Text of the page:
Football clubs are to be compensated for letting their players appear in the final stages of the European Championships and World Cup.
The payments are to begin at Euro 2008 in Austria and Switzerland this summer and will see tournament organiser UEFA pay clubs £2,970 (4,000 euros) for each day a player is involved in the latter stages.
The cash will be shared among any clubs a player has been with in the two years prior to the tournament.
Therefore, should a player move in that time it means their former club would still be compensated for his participation in a qualifying campaign.
The deal was announced by UEFA president Michel Platini at the launch of the European Club Association, a body which will replace the elite G14 pressure group and unite Europe's wealthiest clubs, UEFA and the world governing body FIFA in an unprecedented peace treaty.
Platini said: 'It was utterly unthinkable to me that players could not be released by their clubs for international tournaments. But it was also logical to give clubs some kind of compensation and a share of the profits.'
Karl-Heinz Rummenigge, the chairman of the new ECA and former West Germany international, said: 'This is a day of reunification for the football family. It is very much down to Michael Platini because he has propounded the principle of giving and sharing.'
UEFA have set aside £32.3million (43.5million Euros) in compensation for clubs at Euro 2008 and a further £41million (55million Euros) for the 2012 tournament to be played in Poland and Ukraine.
Platini announced that FIFA would be contributing a combined total of £56.6million (US dollars 110million) for the 2010 World Cup in South Africa and the 2014 event in Brazil.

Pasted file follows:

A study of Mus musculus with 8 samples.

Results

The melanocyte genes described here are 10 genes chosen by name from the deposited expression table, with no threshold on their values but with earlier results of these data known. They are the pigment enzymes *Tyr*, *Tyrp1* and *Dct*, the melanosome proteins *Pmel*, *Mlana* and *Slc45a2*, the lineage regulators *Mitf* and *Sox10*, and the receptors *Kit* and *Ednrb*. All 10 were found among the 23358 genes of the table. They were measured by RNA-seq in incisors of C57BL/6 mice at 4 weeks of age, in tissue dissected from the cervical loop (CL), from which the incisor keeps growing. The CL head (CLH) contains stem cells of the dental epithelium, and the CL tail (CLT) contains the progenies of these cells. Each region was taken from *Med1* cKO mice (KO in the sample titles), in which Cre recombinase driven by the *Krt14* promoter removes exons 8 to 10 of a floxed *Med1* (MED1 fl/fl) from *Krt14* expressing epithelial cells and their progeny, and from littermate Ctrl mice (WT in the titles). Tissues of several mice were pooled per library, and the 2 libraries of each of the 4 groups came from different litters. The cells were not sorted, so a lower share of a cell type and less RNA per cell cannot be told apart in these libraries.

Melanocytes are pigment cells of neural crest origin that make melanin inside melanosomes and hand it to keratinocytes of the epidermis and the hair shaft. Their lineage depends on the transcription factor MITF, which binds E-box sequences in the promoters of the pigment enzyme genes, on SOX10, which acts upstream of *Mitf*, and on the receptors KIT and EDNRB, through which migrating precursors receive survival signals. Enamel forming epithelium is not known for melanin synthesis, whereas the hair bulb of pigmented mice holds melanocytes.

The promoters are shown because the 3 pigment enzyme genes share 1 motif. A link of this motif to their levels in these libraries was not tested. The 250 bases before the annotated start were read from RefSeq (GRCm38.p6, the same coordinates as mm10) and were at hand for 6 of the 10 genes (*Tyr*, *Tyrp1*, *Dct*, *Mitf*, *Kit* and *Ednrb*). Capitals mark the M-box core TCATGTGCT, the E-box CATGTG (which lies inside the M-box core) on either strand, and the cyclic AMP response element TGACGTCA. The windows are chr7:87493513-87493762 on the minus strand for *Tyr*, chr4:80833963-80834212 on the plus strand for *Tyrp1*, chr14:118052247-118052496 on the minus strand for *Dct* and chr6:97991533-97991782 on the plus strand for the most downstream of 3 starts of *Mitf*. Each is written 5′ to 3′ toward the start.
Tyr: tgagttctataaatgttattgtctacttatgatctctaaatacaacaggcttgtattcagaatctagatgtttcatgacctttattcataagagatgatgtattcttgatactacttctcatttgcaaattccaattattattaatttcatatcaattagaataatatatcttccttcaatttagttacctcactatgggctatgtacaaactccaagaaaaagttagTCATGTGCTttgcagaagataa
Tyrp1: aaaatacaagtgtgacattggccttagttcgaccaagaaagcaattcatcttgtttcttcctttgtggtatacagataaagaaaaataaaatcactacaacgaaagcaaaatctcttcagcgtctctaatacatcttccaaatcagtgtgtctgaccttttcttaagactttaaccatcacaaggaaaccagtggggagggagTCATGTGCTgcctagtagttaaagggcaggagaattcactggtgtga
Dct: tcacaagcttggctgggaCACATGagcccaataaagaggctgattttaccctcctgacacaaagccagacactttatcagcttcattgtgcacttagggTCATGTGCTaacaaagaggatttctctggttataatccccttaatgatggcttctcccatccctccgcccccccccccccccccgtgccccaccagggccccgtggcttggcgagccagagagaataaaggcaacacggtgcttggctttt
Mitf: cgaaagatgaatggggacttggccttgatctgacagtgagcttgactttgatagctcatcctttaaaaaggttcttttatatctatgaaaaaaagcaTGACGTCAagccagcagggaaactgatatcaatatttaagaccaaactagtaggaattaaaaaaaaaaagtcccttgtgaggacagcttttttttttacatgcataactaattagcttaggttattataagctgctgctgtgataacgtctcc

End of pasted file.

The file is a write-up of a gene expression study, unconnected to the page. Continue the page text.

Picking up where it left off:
The France legend said: 'There is a new generation of people leading football organisations and clubs who have come from football and not politics. I believe football is going to change.'
Platini said the money would not necessarily go to all the top clubs, and that had compensation been paid at Euro 2004 in Portugal the best-rewarded clubs among 150 across Europe would have been Benfica of Portugal and Greek side Panathinaikos, while a French Division Six club with a Togo international would have received money from the 2006 World Cup.
However, the move will be seen as a resounding victory for Europe's top clubs who had formed the G14 in September 2000 to lobby for more power and greater rewards from the way football was run.
Manchester United and Liverpool were among the original 14 while Arsenal were invited to join in 2002 when it expanded to 18 clubs.
The G14 will now disband at their final meeting on February 15 and bring to an end three court actions against FIFA regarding compensation for players injured on international duty.
Peter Kenyon, the Chelsea chief executive who will be one of six members of the transitional board of the ECA, said: 'It is a historic day, and without Michel it would not have happened.
'He has been critical to understanding the needs and importance of club football, and his relationship with FIFA has been paramount to reaching an agreement.'
It was also met with enthusiasm by Peter Lawwell, the Celtic chief executive, who said: 'There is a very positive sense of optimism about the meeting today.
'Platini is a young guy and he promises a lot of stability for the future. He is clearly embracing the clubs and I'm sure our voice will be heard louder than it has in the past.'
Platini also announced changes to the international football calendar, with talks held to bring the African Nations Cup closer to a summer date from the 2016 tournament.
International games played after a weekend fixture will also be moved to a Tuesday instead of Wednesday so that players will return to their clubs sooner for domestic matches the following weekend.